September 11, 2001

SAN LUIS OBISPO, Calif. (AP) _ George Hasslein, founding dean of Cal Poly San Luis Obispo’s College of Architecture and Environmental Design, has died of a heart attack. He was 83.

Hasslein, who spent a half-century nurturing the department he founded, died Aug. 24.

Hasslein is credited with earning the College of Architecture and Environmental Design national prominence.

Hasslein earned his bachelor’s degree in architecture in 1945 from the University of Southern California. Starting at Cal Poly in 1950 as an assistant architecture professor, Hasslein a year later was named head of the new Architectural Engineering Department.

He went on to become the founding dean of the new School of Architecture and Environmental Design in 1968, which he built from a small department into a college that now offers five bachelor’s degrees and two master’s degrees.

Walter Jinotti

NEW BRUNSWICK, N.J. (AP) _ Walter Jinotti, whose pollen counts became a daily index of misery or joy for allergy sufferers, died Sunday after a long illness. He was 74.

Jinotti died at Robert Wood Johnson University Hospital, which he has been associated with for more than 40 years, becoming director of environmental and biomedical research.

The method developed in 1987 by Jinotti provided a precise pollen measure in just 20 minutes, compared to earlier techniques that took 24 hours.

Jinotti also personally examined pollen-producing plants, including ragweed, to assess their potency.

Jinotti held more than 100 patents, and was honored by the New Jersey Inventors Hall of Fame in 1997 for the Tycos Blood Pump and oxygen catheter, a device used to boost oxygen levels in the blood.

Hans Neumann

CARACAS, Venezuela (AP) _ Hans Neumann, who survived the Nazi invasion of his native Czechoslovakia to become one of the most prominent businessmen and media and arts patrons in Venezuela, died Sunday after a long ailment. He was 80.

Neumann, who immigrated to Venezuela in 1949, was the president of the board of directors of The Daily Journal, the only English language newspaper in Venezuela. He headed several companies, including Corimon C.A., which he helped found.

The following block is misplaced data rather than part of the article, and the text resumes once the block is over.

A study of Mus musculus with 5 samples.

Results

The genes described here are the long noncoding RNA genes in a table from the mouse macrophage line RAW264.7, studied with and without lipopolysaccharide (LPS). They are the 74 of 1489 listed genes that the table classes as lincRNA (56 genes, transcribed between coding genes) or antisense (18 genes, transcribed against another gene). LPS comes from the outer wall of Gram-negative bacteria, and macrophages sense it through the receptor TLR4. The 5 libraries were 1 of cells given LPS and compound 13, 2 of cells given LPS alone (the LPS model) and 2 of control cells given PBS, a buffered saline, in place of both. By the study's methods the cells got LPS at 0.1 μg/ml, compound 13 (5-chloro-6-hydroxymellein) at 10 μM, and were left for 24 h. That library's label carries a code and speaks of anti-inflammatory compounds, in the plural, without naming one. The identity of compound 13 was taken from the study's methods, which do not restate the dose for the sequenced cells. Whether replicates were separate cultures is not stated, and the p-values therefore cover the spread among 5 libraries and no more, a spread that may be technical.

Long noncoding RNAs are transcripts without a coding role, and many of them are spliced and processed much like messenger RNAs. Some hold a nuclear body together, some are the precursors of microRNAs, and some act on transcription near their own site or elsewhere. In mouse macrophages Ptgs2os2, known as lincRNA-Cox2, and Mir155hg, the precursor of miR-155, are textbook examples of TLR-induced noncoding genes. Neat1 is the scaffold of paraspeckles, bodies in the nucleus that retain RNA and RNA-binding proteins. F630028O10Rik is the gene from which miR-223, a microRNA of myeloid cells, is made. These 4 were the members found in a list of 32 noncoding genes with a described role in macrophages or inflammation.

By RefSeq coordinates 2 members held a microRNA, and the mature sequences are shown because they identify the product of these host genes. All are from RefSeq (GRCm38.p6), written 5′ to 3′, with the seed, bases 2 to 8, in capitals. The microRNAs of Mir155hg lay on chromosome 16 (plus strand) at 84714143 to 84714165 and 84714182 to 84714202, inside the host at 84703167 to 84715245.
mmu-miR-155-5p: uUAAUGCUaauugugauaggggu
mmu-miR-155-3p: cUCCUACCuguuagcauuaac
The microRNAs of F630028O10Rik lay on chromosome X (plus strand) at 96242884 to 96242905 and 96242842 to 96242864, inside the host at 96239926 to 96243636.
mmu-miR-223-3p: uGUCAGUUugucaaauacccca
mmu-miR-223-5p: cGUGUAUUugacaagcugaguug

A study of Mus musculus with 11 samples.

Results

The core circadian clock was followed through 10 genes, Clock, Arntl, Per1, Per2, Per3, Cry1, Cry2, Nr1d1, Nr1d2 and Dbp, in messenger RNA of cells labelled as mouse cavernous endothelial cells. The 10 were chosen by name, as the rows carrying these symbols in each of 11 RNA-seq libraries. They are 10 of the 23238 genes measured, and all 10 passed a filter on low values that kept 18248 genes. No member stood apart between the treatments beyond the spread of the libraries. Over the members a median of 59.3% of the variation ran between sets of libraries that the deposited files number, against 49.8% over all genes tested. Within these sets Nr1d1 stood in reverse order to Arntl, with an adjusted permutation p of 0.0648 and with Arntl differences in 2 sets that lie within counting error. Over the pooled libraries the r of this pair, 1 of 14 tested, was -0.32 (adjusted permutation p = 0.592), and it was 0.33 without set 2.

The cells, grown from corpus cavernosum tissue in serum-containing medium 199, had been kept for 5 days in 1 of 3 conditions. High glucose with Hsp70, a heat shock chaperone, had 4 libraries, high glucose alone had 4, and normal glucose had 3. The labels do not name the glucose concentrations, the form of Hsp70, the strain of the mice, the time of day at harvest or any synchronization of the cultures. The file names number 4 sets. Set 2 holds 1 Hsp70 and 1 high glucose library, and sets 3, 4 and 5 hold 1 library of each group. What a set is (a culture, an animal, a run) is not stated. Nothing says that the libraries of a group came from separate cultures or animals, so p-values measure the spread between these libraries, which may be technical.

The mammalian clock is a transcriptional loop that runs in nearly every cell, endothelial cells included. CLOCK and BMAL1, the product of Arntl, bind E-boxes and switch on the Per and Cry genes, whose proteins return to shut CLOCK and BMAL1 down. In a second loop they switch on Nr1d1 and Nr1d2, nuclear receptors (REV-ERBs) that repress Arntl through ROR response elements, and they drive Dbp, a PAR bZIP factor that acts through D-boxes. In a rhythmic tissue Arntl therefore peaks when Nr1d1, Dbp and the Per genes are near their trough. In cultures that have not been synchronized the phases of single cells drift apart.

The Venezuelan government decorated him several times for his contribution to cultural and community organizations. An avid arts collector, Neumann helped found several cultural organizations, including the Zulia Contemporary Arts Museum Foundation.

One of his last projects was to help found TalCual, a feisty afternoon daily, in 2000. He was also a columnist for El Nacional, one of Venezuela’s two largest newspapers.

Neumann is survived by his daughter and two grandchildren.

Jane Pettit

MILWAUKEE (AP) _ Jane Pettit, who community leaders cited as the city’s most generous philanthropist in history, died Sunday at her River Hills home after a yearlong battle with lung cancer. She was 82.

Pettit donated more than $250 million in the last 16 years in support of sports, arts, education and social services. She recently donated $13 million to the Milwaukee Art Museum’s $100 million Calatrava expansion.

Pettit donated more than $250 million to the community personally and through the Jane Bradley Pettit Foundation.

Worth Magazine, which in 1999 ranked her 27th among ``the 100 most generous Americans,″ said the heir to the Allen-Bradley Co. fortune has been credited with well over $160 million in grants during her lifetime.

In 1903, her late father, Harry Bradley, and late uncle, Lynde Bradley, founded the Allen-Bradley Co., which is now Rockwell Automation. The privately held company was sold to Rockwell International in 1985 for $1.6 billion.

Pettit also owned the Milwaukee Admirals of the American Hockey League.